Ever since he was plucked six years ago from a remote southeast Missouri diocese to head, at the age of 46, the Archdiocese of Washington, William Wakefield Baum has been marked as a comer in the Roman Catholic Church.

Speculation that Baum might be destined for a Vatican post began in earnest when he was elevated to the College of Cardinals three years later. At 49, he was one of the youngest men ever elevated to the Cardinalate.

Now, three years later, he is still in Washington, but speculation that Baum is slated for a post in the Roman Curia, the administrative heart of the Vatican, persists.

In fact, in the Catholic subculture where such rumors flourish, the speculation centers on who might succeed Baum as head of the Washington archdiocese when -- not if -- the cardinal is called to Rome.

The already substantial argument that Baum, who will be 53 next month, is bound for the Curia was strengthened last summer with the death of Cardinal John Wright. Wright, who headed the Vatican Congregation for the Clergy, was the only American in the Vatican leadership.

It is unlikely that the American Catholic church, the third largest in the world and major source of Vatican income, would be unrepresented for long in the church's top decision-making body.

Of all the American cardinals, Baum seems the most likely candidate for a Vatican appointment.

He is a theologian as well as an expert on church history and philosophy. He is fluent in Latin and Italian -- prerequisites for a Vatican official -- and speaks passable French.

During the second Vatican Council (1962 to 1965), the then monsignor Baum was invited by his bishop, the most Rev. Charles Helmsing of Kansas City, to act as a peritus, or theological advisor. In Helmsing's services, Baum learned the ropes of Vatican politics and distinguished himself as a scholar. He helped draft the Decree on Ecumenism, one of the major documents of the council.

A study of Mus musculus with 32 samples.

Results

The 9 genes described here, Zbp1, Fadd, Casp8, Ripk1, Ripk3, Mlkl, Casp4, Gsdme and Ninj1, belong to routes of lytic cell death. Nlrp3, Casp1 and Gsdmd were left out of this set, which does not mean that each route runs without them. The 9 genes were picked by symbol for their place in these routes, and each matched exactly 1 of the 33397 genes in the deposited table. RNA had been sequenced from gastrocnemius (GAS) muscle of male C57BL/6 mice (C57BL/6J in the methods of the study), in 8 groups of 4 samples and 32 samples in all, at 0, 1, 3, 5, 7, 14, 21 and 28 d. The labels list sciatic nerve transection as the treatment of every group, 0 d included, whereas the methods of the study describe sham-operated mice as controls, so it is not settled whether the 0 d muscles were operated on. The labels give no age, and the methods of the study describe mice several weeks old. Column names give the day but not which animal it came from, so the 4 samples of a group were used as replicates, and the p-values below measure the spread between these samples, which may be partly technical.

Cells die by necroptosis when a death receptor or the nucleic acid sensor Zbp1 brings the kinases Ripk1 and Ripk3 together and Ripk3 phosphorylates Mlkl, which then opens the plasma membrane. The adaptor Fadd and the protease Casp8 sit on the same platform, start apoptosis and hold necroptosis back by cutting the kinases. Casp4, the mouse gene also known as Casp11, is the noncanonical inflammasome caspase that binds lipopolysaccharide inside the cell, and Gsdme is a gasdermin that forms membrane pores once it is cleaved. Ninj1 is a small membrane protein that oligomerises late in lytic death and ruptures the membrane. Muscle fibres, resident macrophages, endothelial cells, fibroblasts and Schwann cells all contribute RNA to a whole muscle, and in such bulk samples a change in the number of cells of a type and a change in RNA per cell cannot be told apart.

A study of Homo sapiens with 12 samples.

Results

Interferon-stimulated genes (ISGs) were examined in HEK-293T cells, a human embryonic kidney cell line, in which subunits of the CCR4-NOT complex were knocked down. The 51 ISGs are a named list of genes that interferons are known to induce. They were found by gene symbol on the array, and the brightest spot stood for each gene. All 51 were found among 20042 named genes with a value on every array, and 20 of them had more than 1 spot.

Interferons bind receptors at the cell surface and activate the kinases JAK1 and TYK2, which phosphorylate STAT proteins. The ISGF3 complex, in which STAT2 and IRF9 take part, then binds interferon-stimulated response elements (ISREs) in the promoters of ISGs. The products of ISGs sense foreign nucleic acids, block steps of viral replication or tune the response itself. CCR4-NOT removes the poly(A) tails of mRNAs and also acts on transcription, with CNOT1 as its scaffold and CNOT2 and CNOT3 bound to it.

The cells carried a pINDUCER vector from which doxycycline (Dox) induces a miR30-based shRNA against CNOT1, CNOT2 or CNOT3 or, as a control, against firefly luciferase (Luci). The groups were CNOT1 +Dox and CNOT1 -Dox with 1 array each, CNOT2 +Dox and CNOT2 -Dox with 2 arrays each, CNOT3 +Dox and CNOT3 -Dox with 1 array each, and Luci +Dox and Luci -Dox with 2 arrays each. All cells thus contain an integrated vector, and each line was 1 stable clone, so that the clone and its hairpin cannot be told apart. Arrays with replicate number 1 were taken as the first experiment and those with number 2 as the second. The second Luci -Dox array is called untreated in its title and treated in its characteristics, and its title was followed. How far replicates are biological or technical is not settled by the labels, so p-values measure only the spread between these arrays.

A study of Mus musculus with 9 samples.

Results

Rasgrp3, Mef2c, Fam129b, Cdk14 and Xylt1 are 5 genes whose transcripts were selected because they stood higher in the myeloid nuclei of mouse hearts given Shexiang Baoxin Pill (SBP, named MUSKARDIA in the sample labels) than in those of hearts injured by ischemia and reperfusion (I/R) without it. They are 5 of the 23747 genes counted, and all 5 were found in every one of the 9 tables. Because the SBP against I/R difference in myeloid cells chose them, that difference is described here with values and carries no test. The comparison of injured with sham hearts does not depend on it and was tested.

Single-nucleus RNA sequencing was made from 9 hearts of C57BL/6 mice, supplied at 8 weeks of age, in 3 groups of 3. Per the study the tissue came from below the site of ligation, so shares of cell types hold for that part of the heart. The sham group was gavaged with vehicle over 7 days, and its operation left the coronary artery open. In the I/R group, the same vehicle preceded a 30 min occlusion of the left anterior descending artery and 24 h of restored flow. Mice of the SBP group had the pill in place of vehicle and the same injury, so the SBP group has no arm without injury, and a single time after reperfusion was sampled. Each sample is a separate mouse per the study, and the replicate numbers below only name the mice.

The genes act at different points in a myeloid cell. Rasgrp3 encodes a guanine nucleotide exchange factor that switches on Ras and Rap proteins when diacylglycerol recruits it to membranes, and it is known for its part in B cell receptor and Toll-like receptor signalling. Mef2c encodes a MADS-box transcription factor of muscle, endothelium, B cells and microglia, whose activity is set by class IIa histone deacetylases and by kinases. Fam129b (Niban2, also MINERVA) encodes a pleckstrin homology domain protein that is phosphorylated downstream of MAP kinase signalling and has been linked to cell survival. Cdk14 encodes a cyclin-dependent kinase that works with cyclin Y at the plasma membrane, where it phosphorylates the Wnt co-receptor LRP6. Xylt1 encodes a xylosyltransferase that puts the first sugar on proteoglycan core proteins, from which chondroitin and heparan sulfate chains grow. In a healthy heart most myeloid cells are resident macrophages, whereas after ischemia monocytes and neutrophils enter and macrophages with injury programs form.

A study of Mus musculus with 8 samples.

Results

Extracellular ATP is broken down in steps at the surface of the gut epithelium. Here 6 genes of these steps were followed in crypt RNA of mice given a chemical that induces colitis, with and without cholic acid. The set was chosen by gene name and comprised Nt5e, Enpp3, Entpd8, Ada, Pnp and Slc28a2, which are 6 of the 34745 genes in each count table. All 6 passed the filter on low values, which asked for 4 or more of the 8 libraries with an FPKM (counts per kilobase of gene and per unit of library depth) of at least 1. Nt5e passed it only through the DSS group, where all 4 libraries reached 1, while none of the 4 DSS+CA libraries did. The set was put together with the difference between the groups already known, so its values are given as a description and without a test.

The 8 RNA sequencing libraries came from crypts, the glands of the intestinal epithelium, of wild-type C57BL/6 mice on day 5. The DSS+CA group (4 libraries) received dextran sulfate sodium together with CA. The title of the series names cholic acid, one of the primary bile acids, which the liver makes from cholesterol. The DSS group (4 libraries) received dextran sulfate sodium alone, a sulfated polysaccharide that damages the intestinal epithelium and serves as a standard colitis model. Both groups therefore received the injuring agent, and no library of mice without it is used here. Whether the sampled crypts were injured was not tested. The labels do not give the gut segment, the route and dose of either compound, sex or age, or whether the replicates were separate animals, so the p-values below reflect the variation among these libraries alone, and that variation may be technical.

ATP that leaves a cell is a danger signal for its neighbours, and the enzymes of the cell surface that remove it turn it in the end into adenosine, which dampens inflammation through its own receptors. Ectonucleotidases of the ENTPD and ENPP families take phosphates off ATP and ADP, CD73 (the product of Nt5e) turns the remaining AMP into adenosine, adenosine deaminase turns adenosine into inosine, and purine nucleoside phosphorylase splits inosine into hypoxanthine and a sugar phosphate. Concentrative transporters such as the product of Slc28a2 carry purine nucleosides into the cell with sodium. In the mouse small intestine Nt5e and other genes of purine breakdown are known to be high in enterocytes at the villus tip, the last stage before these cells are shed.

In the years since Pope Paul VI named Baum a cardinal, he has naturally gotten more deeply involved in Vatican affairs. He is a member of three of the 12 key Vatican divisions; the Secretariat for Non-Christians, the Congregation for the doctrine of the Faith and the Congregation for Catholic Education.

Through his work in the latter post, he came to know Cardinal Karol Wojtyle, who last year became Pope John Paul II.

In 1976, Baum served as host to Wojtyla during his visit to Washington following the Eucharistic Congress in Philadelphia. Wojtyla returned Baum's hospitality when the Washington cardinal visited Poland.

Baum, who has a quiet reputation as a patron of the arts, gives private musicals in his home from time to time. As head of the archdiocese, he has sponsored a number of art exhibits.

As executive director of the Committee for Ecumenical and Interelgious Affairs for the American Catholic hierarchy, from 1964 to 1967, Baum developed friendships and working relationships with many Protestant and Eastern Orthodox leaders.

This ecumenical job, an outgrowth of the Second Vatican Council document that he had helped to write, earned him a reputation as something of a liberal in the tumultous post-Vatican II years.

But, as cardinal-archbishop of the Washington diocese, he has moved inexorably to the centrist-to-conservative position in church affairs. Today, his position would vary little on most issues from that of the solidly traditional John Paul.